Jennifer at Flappers Flickers & Silent Stanzas and I are swapping posts this week. She has graced "A Person in the Dark" with this wonderful article about Theda Bara. To read my post on Charlie Chaplin, swing on over to Jennifer's beautiful site at http://silentstanzas.blogspot.com/. Meanwhile, get your vamp on and read up on Theda!
It might seem odd to think of gleaning wisdom from silent film, but in learning about the stars, both on and offscreen, I’ve found a message that each can teach us.
Part I – Theda Bara
It’s only proper to start with the woman who was my gateway into silents: Theda Bara, Miss Arab Death herself. I discovered her while researching something else online; her dark eyes and smoky stare intrigued me. Who was this mysterious woman? Onscreen, as The Vamp, she chewed men up and spit them out without so much as a hint of conscience. Her offscreen life was just as decadent and dangerous; her studio bio said she was “born in the shadow of the Pyramids”, and enjoyed surrounding herself with the exotic, the occult.
One of my favorite stories comes from VAMP: The Rise and Fall of Theda Bara by Eve Golden. It’s her first big interview for the press, and her hotel room is “draped in Egyptian trimmings, sprayed with perfume, and bedecked with lilies and roses”. She answers their questions while lounging in velvets and furs, the very picture of foreign allure…until they all leave, and she runs to the window “gasping ‘Give me air!’ in perfect mid-American”.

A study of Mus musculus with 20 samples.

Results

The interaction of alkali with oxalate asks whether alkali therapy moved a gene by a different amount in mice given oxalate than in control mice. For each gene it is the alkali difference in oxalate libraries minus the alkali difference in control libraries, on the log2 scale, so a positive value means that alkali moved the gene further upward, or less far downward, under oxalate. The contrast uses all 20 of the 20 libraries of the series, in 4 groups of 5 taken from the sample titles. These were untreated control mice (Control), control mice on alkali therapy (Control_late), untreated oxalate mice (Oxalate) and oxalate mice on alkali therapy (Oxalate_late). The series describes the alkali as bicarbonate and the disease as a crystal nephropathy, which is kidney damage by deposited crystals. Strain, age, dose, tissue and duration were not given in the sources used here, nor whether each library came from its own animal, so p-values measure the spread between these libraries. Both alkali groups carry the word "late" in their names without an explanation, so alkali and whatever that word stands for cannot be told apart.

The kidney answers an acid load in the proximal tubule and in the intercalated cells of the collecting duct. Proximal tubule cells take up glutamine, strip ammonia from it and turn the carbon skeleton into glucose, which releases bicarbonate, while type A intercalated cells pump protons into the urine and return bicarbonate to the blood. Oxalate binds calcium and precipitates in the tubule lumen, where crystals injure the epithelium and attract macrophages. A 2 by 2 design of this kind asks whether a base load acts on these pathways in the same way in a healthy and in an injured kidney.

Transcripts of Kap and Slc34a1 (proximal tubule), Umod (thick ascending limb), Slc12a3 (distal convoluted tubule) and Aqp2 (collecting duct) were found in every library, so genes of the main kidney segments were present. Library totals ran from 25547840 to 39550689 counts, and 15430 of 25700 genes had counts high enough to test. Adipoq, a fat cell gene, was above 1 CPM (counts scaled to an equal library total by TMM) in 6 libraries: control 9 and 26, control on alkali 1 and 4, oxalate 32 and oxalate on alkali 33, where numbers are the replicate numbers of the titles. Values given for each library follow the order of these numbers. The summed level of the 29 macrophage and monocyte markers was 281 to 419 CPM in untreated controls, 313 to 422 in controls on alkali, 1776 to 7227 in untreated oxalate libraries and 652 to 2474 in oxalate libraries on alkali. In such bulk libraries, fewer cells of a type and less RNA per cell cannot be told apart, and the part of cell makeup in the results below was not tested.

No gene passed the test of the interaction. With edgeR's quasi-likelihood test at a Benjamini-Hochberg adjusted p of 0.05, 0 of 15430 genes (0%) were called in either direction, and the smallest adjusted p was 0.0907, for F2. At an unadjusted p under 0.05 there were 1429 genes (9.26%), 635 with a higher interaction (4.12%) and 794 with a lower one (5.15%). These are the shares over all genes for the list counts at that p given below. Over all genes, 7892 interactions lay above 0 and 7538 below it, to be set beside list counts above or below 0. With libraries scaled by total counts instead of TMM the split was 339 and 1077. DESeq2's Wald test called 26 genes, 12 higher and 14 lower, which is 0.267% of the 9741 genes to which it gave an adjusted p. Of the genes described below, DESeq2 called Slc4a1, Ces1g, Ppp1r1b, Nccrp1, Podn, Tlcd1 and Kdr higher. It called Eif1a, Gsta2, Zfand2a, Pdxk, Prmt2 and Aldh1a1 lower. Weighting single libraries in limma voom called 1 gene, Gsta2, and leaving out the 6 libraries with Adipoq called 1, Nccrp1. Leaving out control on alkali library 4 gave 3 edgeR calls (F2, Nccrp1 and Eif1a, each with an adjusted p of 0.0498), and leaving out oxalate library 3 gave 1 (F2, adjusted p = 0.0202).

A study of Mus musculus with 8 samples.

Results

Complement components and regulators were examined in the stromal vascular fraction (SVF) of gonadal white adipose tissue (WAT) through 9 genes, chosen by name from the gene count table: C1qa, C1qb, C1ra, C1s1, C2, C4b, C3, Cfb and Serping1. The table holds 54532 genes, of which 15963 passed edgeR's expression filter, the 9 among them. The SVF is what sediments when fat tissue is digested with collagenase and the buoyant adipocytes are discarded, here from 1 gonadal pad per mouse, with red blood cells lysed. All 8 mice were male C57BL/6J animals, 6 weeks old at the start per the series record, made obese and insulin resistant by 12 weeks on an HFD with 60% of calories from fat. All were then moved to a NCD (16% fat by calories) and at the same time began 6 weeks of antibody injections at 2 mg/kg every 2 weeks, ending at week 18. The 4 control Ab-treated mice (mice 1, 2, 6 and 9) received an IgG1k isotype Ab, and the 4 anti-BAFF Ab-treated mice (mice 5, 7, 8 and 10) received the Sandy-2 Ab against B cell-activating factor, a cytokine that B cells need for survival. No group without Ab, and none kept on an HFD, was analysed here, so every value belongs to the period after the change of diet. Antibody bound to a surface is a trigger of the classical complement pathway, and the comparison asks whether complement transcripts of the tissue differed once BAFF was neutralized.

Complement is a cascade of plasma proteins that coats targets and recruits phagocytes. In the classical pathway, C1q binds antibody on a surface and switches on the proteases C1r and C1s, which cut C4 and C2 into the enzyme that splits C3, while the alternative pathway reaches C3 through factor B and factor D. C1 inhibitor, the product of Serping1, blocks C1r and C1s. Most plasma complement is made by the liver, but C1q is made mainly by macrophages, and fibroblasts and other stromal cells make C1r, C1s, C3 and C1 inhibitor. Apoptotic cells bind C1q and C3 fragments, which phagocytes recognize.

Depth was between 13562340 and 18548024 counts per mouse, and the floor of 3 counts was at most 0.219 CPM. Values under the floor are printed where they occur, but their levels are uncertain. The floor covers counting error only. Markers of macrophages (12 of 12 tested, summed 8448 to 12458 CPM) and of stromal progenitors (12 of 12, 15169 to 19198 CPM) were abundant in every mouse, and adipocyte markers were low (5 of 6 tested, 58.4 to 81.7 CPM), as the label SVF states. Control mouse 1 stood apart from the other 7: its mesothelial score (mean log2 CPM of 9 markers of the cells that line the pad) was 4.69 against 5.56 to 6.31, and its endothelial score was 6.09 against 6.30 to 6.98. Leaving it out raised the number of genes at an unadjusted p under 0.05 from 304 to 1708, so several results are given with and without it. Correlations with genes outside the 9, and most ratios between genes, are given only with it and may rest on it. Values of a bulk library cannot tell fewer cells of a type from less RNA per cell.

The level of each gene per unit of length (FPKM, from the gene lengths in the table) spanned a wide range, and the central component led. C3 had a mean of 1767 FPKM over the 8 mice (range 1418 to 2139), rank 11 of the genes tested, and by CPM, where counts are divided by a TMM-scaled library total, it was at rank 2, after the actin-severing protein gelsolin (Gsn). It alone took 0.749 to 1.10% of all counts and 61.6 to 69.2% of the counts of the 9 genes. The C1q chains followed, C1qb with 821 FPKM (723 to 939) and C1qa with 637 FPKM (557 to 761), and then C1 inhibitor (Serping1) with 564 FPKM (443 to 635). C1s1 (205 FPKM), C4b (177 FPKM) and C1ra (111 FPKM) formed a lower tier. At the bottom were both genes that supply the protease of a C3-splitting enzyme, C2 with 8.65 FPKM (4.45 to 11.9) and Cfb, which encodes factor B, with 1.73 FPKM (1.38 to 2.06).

As most of you already know, Theda was just Theodosia Goodman from
, a pretty but naturally quiet woman disposed to reading. Everything about her public image was carefully constructed by the studios; not one scrap of her was genuine. It was par for the course then, to invent a backstory to account for aspects in a performer’s life that they wanted to promote (or sometimes to hide), but Theda, being one of the first, was one of the most thorough cases. Every word she said or step she took was scripted by Fox in order to preserve the integrity of her story. Cincinnati
What I learned from Theda is to never let others define you. She was not a bad actress! She could’ve transcended her typecast vampire image, if only she had been allowed to be Theodosia and not a caricature of a type that became obsolete quickly. Sure, it was successful for a while, but it wasn’t long before it swallowed her whole, exhausting her and leaving nothing left. That’s no way to live your life.
So Ms Goodman, thank you for teaching me to always be myself. It’s the most important lesson anyone could ever learn.
If you would like to read more in this series, stop on by Flapper Flickers & Silent Stanzas at http://www.silentstanzas.blogspot.com/.